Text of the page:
Columns » Gene Lyons

All about politics


The administration's policies are designed not to deal with real problems in the visible world, but to rile up partisan ignoranuses [sic] here in the U.S.A. Also to stimulate nativism and fear of dark-skinned foreigners, and to make Democrats appear to be defending Muslims instead of the Constitution.

Poorly thought out and incompetently drafted, to the extent that Trump's order has anything to do with ISIS or al-Qaeda terrorists, it will help them. The reasons are quite simple, and pretty much undeniable.

New York Times reporter David Zucchino spoke with Iraqi soldiers barricaded inside the city of Mosul, where they are fighting a brutal house-to-house battle against ISIS fighters for control of the country's second-biggest city. Its outcome is crucial to breaking the terrorist insurrection for good.

"If America doesn't want Iraqis because we are all terrorists, then America should send its sons back to Iraq to fight the terrorists themselves," Capt. Ahmed Adnan al-Musawe was quoted as saying. Officers and enlisted men interviewed in Mosul unanimously described Trump's order as a grave insult to their honor, and that of their fallen comrades.

The Times also quoted Brig. Gen. Mizhir Khalid al-Mashhadani: "This decision by Trump blows up our liberation efforts of cooperation and coordination with American forces." The English-speaking al-Mashhadani described himself as astounded by the president's order. He added that American officers in Iraq helping to train Iraqi forces thought it hasty and badly considered.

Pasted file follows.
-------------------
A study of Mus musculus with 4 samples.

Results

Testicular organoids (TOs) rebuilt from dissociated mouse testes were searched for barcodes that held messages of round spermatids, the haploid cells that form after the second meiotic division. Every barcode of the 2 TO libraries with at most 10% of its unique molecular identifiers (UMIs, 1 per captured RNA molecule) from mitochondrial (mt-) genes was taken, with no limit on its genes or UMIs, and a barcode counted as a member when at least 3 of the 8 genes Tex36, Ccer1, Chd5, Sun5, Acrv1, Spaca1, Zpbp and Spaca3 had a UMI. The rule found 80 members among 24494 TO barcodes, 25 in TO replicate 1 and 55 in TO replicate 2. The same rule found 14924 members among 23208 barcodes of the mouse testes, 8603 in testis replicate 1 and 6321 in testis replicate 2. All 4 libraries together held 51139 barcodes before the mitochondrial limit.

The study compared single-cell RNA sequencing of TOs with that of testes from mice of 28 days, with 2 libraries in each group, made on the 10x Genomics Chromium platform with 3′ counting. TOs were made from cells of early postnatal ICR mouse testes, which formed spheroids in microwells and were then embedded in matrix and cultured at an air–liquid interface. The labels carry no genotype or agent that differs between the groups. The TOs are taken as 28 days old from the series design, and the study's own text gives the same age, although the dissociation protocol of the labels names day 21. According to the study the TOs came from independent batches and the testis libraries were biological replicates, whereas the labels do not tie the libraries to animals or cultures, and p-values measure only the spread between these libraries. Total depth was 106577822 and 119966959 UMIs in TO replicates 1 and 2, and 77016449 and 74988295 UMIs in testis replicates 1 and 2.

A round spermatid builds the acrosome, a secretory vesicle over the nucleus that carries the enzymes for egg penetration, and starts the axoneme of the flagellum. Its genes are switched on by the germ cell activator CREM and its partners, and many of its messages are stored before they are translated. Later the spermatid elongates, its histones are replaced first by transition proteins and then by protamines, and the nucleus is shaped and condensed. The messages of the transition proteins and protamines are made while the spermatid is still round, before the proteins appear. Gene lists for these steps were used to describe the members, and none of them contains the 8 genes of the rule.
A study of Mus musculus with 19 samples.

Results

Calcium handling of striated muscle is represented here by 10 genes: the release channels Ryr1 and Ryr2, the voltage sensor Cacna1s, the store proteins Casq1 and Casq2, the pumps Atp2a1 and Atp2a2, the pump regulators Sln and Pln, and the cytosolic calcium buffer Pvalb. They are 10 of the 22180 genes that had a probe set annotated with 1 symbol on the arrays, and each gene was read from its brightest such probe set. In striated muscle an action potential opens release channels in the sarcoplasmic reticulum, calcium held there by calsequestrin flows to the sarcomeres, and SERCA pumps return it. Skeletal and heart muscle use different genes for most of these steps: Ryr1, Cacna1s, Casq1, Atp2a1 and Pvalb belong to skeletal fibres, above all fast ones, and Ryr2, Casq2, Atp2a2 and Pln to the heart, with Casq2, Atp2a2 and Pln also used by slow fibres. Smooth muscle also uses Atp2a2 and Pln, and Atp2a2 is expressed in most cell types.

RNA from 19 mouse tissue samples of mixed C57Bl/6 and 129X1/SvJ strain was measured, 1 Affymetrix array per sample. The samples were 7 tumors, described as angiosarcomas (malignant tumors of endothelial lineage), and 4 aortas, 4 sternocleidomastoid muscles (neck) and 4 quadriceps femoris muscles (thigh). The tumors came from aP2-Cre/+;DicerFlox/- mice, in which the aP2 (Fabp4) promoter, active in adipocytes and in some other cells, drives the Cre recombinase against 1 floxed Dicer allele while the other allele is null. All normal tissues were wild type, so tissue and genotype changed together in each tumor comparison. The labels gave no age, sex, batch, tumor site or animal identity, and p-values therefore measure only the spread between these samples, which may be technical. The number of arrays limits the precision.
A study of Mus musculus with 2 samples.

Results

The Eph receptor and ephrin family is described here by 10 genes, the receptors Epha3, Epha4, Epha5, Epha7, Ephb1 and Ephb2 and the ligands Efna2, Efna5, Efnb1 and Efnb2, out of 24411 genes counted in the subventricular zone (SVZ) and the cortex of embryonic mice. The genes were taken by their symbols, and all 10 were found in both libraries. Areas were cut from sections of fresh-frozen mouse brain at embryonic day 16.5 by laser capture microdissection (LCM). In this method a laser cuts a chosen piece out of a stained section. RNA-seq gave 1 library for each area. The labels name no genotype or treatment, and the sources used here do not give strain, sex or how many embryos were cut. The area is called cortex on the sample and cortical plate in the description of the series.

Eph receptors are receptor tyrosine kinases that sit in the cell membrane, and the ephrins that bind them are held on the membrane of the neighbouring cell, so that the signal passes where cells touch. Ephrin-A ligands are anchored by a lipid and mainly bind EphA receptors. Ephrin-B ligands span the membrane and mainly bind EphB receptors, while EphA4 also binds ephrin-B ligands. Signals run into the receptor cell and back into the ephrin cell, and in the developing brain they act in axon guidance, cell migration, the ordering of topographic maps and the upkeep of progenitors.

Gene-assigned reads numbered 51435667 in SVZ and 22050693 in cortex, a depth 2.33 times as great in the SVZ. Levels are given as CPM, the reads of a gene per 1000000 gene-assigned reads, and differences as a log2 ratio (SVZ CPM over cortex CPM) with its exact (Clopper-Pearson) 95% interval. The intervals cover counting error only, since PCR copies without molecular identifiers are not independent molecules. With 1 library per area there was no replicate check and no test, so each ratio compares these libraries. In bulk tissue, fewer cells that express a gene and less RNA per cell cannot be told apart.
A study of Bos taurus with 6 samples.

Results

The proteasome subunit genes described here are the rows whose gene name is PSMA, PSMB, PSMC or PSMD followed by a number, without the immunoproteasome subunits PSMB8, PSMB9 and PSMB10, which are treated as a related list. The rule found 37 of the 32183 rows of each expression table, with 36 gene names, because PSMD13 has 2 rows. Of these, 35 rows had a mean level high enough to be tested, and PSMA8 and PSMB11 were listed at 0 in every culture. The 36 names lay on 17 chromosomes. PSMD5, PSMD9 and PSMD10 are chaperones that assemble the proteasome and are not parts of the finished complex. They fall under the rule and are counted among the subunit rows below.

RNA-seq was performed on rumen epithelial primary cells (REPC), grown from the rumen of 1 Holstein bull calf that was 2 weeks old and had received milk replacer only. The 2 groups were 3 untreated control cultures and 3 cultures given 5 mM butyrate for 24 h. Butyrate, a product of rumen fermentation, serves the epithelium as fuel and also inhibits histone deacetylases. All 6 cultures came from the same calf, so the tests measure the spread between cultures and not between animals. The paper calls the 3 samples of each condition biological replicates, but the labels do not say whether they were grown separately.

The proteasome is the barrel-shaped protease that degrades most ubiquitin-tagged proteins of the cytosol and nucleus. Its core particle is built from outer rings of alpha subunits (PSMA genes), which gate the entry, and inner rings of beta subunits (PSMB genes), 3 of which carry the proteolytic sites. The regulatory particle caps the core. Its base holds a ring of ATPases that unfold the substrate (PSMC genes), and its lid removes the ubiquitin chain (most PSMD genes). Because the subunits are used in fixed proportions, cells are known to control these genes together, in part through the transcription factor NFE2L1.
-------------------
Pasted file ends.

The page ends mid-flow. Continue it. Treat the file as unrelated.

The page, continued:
It's not for nothing that former Secretaries of State John Kerry and Madeleine Albright described Trump's order in a court filing as "ill-conceived, poorly implemented and ill-explained" — and an obvious impediment to persuading Muslims to resist Islamic extremism. Meanwhile, ISIS propagandists couldn't have been happier. They crowed that exactly as they'd alleged all along, America had now declared war on Islam.

Even Iran's supreme leader Ayatollah Khamenei — a resolute foe of Sunni Arab extremism — found something to like in Trump's bungling. "We actually thank this new president! We thank him, because he made it easier for us to reveal the real face of the United States," he said. "Now, with everything he is doing — handcuffing a child as young as 5 at an airport — he is showing the reality of American human rights."

Never mind that the handcuffing thing falls under the heading of Fake News. Didn't happen. Even so, Trump handed the Iranian leader a big propaganda gift even as he tried to close the door on Persian refugees from the ayatollah's oppressive regime. Should it matter that Iran has never been implicated in a terrorist act in the United States?

Of course it should, but to Trump's henchmen — the president evidently never read the fool thing — it didn't. Here in Arkansas, one of the state's most beloved citizens, former Gov. and Sen. David Pryor, is probably alive today due to the emergency intervention of two brilliant Iranian neurosurgeons — immigrant brothers — at a Fayetteville hospital. For my money, the U.S. can't admit enough Persian immigrants, heirs to one of the world's oldest civilizations.

And for pretty much the same reasons all eight of my Irish great-grandparents were welcomed to America more than a century ago: poverty and oppression. A lot of people were suspicious of their religion, too.